Construction in Indian Country Reconizes 2019 Outstanding Achievement Award Receipients

Former Navajo Natioin President Dr. Peterson Zah

Published November 10, 2019

TEMPE, Ariz. — Recipients of the 2019 Outstanding Achievement Awards for individuals, companies, and construction projects in Indian Country that substantially contributed to the enhancement of Tribal communities, will be recognized at the Construction in Indian Country’s (CIIC) Achievement Awards Gala on November 7, at Harrah’s Ak-Chin Casino Events Center.

CIIC and the 2019 National Conference are privileged to be a platform for recognizing “quality design and construction in the built environment” and appreciates all those who submitted nominations. The award categories include Community Enrichment; Design and Planning; Construction; and Lasting Impact:

Outstanding Community Enrichment Award, Souers Construction, Inc., Leon Shirley Architects & Navajo Housing Authority, “The Kayenta AZ12-050 Housing Project”

Souers Construction, Inc., Leon Shirley Architects and Navajo Housing Authority’s Kayenta AZ12-050 Project was selected for enriching the Kayenta Township community through the collaboration in design and construction process. The homes were fitted to homeowner and tenant needs by integrating Diné (Navajo) culture, family-oriented design, accommodating the Diné love of agriculture and strengthening relationship to the earth.

The Native Owned firms hired over 100 employees and provided training in certifiable safety classes. Employees were offered opportunities for continued education through personal growth, on-site training, safety and heavy equipment trainings and promotion opportunities.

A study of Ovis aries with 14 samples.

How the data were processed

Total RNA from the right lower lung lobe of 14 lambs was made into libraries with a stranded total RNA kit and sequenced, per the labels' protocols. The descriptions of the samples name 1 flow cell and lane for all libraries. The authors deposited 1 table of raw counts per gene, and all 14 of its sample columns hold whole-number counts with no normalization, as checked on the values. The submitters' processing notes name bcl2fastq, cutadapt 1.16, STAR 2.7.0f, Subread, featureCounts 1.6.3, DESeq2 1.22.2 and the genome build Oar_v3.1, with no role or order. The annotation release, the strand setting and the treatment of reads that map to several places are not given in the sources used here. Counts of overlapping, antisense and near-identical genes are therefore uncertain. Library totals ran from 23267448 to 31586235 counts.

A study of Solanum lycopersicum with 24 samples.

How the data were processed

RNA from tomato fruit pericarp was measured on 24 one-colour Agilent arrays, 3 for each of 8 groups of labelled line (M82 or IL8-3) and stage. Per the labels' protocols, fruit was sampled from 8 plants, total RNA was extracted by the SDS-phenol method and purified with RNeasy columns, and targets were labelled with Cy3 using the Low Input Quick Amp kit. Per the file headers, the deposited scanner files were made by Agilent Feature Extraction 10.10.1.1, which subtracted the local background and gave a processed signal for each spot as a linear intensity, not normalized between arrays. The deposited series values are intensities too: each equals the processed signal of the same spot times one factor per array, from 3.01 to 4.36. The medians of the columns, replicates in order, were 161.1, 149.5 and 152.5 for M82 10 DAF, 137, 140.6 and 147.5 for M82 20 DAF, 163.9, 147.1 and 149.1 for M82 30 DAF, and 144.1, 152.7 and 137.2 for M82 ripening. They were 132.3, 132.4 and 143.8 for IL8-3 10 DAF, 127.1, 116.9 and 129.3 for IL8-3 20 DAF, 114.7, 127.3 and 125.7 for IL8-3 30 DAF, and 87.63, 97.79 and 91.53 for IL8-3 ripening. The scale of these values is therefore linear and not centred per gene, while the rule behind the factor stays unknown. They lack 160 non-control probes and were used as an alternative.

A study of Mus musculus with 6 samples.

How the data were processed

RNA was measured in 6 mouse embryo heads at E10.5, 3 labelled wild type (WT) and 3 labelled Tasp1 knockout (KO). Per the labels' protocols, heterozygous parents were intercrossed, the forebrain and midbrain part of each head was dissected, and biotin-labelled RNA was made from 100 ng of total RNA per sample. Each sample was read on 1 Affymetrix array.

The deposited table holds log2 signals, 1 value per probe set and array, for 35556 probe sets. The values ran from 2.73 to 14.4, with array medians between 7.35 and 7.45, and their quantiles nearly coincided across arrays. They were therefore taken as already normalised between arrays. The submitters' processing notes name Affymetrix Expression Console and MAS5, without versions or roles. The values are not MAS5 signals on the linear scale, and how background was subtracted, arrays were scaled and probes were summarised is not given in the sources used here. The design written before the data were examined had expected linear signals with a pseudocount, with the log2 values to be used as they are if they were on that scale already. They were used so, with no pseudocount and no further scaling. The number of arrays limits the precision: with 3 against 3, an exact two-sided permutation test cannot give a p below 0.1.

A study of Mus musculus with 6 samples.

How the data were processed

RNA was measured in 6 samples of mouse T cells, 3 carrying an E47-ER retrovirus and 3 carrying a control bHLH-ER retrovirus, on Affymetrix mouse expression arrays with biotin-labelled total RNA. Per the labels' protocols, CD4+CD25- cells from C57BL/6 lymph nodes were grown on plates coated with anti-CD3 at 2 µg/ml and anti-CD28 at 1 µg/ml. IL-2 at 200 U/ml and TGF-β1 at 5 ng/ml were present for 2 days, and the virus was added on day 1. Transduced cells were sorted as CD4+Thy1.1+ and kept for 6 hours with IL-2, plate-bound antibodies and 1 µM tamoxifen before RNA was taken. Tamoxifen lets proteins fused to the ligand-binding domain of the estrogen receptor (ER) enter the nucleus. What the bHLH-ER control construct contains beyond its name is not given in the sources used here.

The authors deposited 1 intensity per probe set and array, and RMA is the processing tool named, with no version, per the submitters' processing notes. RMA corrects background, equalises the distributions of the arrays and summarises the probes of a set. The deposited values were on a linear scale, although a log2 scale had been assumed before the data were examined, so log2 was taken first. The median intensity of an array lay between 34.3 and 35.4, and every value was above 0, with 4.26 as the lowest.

Outstanding Design and Planning Award, Seven Generations Architecture + Engineering, “Gateway to the North”

The ‘Gateway to the North’ masterplan and conceptual design was selected for excellence in land development planning that exudes innovation, exceptional engineering, modernization, or sustainable construction design. The design intent was for a destination with venues for visitors, hikers & bikers, Casino seekers, Culture and Craft connoisseurs and more.

The 156 acre and heavily wooded property was coined as “A Beautiful Place Beneath the Trees” and was planned and positioned for potential development along several market sectors to support local tribally-owned economic development, vacation goers, and reflect the tribal heritage of the Little River Band of Ottawa Indian people.

Outstanding Construction Award, Harrah’s Ak-Chin Hotel & Casino, “Harrah’s Ak-Chin Hotel & Casino Expansion Project”

The Harrah’s Ak-Chin Hotel and Casino Expansion project was selected for enhancing the local community through innovative and artistic construction. Completed in December of 2018, the expansion was a monumental project for the Ak-Chin Indian Community, as it serves to preserve symbolic tribal heritage, strengthen sovereignty and provide the rising generation with greater opportunities for employment and education.

The expansion includes the addition of an 11-story concrete hotel tower, a luxurious spa, 20,460 SF of new gaming space, several food and beverage venues, a new multi-purpose event/banquet center, a 750-car parking garage, and a new bingo hall.

Lasting Impact Legacy Award, Peterson Zah

Peterson Zah, Former Navajo President and Chairman  of the Navajo Nation was selected for the lasting positive impact he’s made in tribal communities. He was central to increased Native American enrollment and retention and in creating the Native American Achievement Program which provides students scholarships, mentoring and advising.

Zah is a co-founder of the CIIC National Conference in response to how Indian gaming was driving construction in the Native American communities. He promoted the use of local labor and resources into the construction process and conflict resolution between tribal and non-tribal entities.

Zah served ASU as Special Advisor to the President on American Indian Affairs and a CIIC Industry Advisory Council member; a committee of individuals from Arizona and New Mexico Indian tribes partnered with the Del E. Webb School of Construction.